Jakarta (AsiaNews/SCMP) The run-off in Indonesia's presidential elections scheduled for next Monday seems to have a winner already. According to the Indonesian Survey Institute (LSI) former General Susilo Bambang Yudhoyono will be Indonesia's next president. Its research shows that 52.6 per cent of respondents prefer Susilo as president against 34.3 per cent for current president Megawati Sukarnoputri. Another 13.1 per cent is undecided or did not answer. "Megawati has a substantial backlog to catch up on," said Alan Wall, programme manager for Indonesia of the International Foundation for Electoral Systems. "It's a formidable challenge for her to try to overcome."
The survey results were released after the three day official campaign ended. Over this short period each candidate made a daily 45-minute nationally televised speech followed by question-and-answer sessions with experts.
Ill at ease in front of the cameras, president Megawati proved stilted in her television performances. "Terrorism can take place anywhere," she said in defence of her government's record on security. "Let us take the example of the United States . . . the September 11 twin towers incident could not be prevented so couldn't the attack against the Embassy," she added. Never the less, the September 9 attack against the Australian Embassy in Jakarta seems to have undermined voters' confidence in her abilities to cope with the situation.
Camera-friendly Susilo made a better impression with viewers gaining support thanks to his image of great integrity and strength of character, the image of a man who could cope with difficulties under pressure, someone who sits well with an electorate shaken by the recent terror attack in which nine people died.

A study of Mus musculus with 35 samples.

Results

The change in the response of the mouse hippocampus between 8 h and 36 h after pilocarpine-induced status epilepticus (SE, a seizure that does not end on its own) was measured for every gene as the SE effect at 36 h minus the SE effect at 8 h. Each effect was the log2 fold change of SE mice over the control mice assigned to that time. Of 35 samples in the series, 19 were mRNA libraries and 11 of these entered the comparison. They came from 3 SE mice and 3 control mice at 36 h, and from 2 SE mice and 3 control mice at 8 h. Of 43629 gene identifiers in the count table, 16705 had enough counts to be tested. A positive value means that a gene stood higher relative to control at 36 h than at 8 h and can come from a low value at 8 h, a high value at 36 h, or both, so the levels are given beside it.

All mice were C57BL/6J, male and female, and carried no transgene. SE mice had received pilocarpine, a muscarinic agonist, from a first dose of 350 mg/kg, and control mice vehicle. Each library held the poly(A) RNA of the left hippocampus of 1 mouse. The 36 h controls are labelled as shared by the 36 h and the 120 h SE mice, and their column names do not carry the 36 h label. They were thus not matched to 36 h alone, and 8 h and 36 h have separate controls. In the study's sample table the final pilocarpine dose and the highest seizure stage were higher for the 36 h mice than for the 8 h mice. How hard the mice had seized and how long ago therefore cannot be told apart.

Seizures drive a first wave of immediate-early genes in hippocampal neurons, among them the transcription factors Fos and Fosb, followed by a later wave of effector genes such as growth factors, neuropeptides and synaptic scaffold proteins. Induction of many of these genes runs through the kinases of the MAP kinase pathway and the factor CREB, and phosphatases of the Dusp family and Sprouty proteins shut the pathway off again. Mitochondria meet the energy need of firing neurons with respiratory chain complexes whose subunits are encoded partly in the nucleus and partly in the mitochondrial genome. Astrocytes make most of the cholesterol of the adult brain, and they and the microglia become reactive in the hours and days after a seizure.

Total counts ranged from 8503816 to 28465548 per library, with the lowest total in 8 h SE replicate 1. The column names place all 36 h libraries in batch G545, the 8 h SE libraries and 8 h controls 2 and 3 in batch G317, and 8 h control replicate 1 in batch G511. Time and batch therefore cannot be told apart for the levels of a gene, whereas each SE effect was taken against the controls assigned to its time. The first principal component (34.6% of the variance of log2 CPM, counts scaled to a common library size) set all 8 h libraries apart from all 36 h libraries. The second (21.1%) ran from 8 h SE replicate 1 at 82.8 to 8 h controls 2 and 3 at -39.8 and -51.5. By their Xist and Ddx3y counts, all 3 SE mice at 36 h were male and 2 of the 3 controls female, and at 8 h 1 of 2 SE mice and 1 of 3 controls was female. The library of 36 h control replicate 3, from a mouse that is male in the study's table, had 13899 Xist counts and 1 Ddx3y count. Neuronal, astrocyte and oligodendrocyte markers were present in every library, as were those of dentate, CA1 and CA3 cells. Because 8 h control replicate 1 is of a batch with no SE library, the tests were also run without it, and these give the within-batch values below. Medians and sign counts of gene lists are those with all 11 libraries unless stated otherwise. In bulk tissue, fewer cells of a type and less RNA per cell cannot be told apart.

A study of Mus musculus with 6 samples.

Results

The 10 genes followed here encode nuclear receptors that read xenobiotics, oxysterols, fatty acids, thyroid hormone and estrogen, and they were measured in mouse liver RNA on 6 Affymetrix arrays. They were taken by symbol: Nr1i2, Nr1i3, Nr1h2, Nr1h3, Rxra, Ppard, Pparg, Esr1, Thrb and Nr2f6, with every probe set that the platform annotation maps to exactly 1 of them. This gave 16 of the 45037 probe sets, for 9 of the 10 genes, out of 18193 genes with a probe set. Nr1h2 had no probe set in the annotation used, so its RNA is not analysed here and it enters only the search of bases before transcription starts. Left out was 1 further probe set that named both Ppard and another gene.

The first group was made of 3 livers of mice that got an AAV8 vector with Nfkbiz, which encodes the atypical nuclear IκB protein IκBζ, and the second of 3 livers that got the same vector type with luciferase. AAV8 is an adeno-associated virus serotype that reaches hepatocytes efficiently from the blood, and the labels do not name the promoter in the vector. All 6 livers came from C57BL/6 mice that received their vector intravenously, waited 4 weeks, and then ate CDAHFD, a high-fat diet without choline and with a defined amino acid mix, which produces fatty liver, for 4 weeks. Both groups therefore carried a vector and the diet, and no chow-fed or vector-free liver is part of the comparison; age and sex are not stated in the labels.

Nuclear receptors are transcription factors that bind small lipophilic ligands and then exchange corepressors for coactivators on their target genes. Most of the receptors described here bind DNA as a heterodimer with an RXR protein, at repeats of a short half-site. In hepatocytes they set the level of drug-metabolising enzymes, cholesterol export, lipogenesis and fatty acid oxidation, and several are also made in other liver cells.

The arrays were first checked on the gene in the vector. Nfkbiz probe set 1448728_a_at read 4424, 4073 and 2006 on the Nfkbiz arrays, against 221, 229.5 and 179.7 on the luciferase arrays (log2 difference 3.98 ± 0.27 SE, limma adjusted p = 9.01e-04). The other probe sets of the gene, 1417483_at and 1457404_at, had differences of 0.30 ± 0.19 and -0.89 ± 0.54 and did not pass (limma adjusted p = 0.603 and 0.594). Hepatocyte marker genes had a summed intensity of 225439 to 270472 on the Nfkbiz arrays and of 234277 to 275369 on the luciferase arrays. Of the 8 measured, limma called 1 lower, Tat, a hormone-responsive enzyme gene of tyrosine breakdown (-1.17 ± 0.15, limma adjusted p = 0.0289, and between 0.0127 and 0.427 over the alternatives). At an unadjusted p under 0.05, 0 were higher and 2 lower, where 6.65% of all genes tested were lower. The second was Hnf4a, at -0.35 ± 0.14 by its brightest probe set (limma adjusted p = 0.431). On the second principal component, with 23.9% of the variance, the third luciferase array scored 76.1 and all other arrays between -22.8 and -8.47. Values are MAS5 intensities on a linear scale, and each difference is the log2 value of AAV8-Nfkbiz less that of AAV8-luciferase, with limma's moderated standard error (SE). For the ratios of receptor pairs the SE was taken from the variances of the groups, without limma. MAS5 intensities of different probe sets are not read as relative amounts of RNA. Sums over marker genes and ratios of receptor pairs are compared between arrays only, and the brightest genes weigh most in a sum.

For the former Security Minister, "[w]hat is clear is that the ability for early detection must be enhanced. But what is also clear is that the intelligence [agency] should not work alone, its cooperation with the security forces must be improved".
According to many political analysts Megawati's last minute alliance with former dictator Suharto's powerful Golkar party is just a marriage of convenience and is unlikely to save her from electoral defeat. Struck in late August the deal left many voters wondering. Even though it won last April's parliamentary elections, a cloud of suspicions still hangs over Golkar for alleged violence and corruption.
Over the last few months Megawati crisscrossed the country trying to salvage her fading campaign buttressing her support among ordinary people such as farmers, fishermen and craftsmen. As part of her strategy, Megawati ended her campaign inviting some 2,000 street kids and artists to her home.
Asked by pollsters many voters gave vague reasons for their choice. According to some analysts, local media disinformation is largely to blame. "Personality plays a crucial role and many voters will cast their ballot according to how they feel towards the candidates," one analyst said.
In the first round of election on July 5, Susilo, who is running for the Democratic Party ticket, won 33.5 per cent of the vote against 26.6 for Megawati.